It’s very common that more than one person was at fault in an accident. And who gets injured in an accident doesn’t indicate who was to blame. Determining fault, degree of fault, and subsequent compensation in an auto collision is a complicated process and varies by state. In Arizona, you are entitled to partial compensation if you are partially liable.
Let’s delve into how fault is determined, the liability laws in different states, and what you need to do after an accident to make a stronger case.
Liability in different states
Each state has laws that determine the amount of compensation in an auto collision based on the degree of fault. Arizona adheres to the theory of pure comparative negligence, which determines compensation according to the percentage each person is at fault in the accident. If you are partially to blame, you can still receive partial compensation. If 30 percent of the accident is your fault, you can receive 70 percent compensation for medical care and other expenses.
To find out what kinds of compensation, or “damages,” you may be entitled to following an accident, read our detailed article here.
The few states that follow the doctrine of pure contributory negligence determine that if the accident is in any way your fault, you cannot collect any compensation. Even if the accident is only 5 percent your fault, you will not receive compensation.
Another type of law, modified comparative negligence, limits your ability to collect compensation. For example, in some states you can receive compensation if you are less than 50 percent liable for the incident.
Determining fault in an auto accident
After an accident, the police, you, and any attorneys involved will gather evidence including photographs of the vehicle damage and road conditions, witness statements, and each driver’s account of the accident. The police will determine if any traffic laws were broken and who was at fault. He or she will file a police report outlining the details of the accident. The police officer’s conclusions will be crucial evidence in an insurance claim and legal case. However, the officer’s assessment can be disputed. Always ask for the police officer’s name and badge number, the police report number, and a copy of the report.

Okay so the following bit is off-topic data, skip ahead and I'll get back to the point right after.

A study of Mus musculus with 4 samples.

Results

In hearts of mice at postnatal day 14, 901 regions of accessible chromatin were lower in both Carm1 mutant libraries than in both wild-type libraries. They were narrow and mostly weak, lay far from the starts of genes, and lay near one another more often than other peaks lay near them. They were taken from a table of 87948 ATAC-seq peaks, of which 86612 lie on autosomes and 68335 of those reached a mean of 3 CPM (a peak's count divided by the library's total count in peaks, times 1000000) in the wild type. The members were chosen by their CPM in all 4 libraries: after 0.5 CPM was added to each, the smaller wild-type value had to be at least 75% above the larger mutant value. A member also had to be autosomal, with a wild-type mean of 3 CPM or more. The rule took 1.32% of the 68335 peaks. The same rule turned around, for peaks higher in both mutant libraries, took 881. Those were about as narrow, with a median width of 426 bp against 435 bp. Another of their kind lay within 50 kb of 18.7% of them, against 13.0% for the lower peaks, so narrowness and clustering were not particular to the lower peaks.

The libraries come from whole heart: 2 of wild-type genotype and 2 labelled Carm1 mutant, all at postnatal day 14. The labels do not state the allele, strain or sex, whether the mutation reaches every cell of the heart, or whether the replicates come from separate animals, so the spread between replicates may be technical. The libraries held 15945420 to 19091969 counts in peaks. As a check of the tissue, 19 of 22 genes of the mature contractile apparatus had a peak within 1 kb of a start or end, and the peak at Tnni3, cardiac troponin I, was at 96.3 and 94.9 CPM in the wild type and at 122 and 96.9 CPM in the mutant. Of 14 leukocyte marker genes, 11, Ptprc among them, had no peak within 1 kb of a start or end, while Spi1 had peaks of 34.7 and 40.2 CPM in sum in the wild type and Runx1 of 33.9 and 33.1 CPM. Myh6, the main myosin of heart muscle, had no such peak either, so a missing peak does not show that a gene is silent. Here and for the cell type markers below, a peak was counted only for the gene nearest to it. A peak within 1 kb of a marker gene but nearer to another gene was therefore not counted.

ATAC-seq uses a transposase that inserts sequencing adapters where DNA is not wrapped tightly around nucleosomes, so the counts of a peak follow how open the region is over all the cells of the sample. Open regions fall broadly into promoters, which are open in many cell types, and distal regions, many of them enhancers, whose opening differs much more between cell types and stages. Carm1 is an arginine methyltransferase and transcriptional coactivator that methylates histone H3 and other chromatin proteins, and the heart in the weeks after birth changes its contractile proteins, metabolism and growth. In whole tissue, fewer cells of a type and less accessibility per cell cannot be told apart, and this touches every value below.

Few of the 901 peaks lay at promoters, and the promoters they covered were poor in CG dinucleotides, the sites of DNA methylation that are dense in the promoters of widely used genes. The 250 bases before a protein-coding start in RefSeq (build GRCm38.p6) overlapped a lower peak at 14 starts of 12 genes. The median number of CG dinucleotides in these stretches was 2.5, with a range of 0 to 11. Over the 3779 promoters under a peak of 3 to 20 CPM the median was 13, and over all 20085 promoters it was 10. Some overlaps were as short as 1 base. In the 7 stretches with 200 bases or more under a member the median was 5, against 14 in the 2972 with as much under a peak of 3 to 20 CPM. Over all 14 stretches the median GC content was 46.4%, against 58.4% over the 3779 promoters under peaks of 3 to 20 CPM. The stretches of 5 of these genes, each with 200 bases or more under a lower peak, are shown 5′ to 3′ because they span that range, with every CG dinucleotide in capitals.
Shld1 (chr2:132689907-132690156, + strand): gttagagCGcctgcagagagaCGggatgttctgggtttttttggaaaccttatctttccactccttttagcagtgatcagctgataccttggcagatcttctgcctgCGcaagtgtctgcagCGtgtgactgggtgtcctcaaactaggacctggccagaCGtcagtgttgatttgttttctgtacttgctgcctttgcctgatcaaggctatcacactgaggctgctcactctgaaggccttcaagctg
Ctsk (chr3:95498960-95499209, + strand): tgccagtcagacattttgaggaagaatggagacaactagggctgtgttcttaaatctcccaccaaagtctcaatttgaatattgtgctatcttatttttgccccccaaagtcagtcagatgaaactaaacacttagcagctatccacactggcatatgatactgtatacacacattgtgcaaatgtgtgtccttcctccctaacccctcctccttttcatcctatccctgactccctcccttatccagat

If the accident was completely your fault, contact your insurance company and file a claim under your collision coverage. If the accident was totally or partially the fault of the other driver, contact both your insurance company and the other driver’s insurance company.
When you and/or the other driver make an insurance claim, the insurance company will take the police report into account. The company will also take into consideration any medical reports filed by doctors and emergency medical responders.
If you engage the services of a personal injury attorney, he or she will also conduct an independent investigation. The lawyer may interview witnesses, speak to physicians, consult with accident re-creation specialists, subpoena video footage, and much more.
All of this evidence will be considered in an insurance claim and, if necessary, in a lawsuit.
What to do after an accident
Before liability is determined, you’ll need to do several crucial things to help strengthen your case:
• Call the police and ask them to respond to the scene. Tell the officer what happened. Remain calm and cooperative. Be completely honest and state only the facts. Do not admit fault or partial fault.
• When speaking to anyone involved in the accident, also state only the facts. Don’t admit fault or even apologize. This could make you seem guilty later.
• Get as many witness statements as you can, or seek out witnesses and get their contact information. Take numerous photos of the accident, the scene, the road conditions, and your injuries. These photos will help you and your lawyer build a stronger case. Click here for a detailed list of evidence you should gather at the scene.
• Seek medical attention as soon as possible, even if you don’t feel you are seriously injured. Shock and adrenaline commonly eclipse pain in the hours immediately following an accident. If you wait until pain surfaces later on, your injuries probably won’t be accounted for in your claim.
• Consult with an experienced personal injury attorney before discussing the case with the other driver’s insurance company. Insurance companies always try to settle for less than you deserve. An attorney can advise you on your rights and legal options. He or she will also handle all the communication with the insurance companies in a way that preserves your best interest. Your attorney will also know the laws for your state and will get you the most compensation possible.
The Lamber-Goodnow Injury Law Team offers free consultations for individuals involved in auto accidents. We only get paid if you get paid.
In this article, personal injury attorney James Goodnow walks you through the steps of a personal injury case.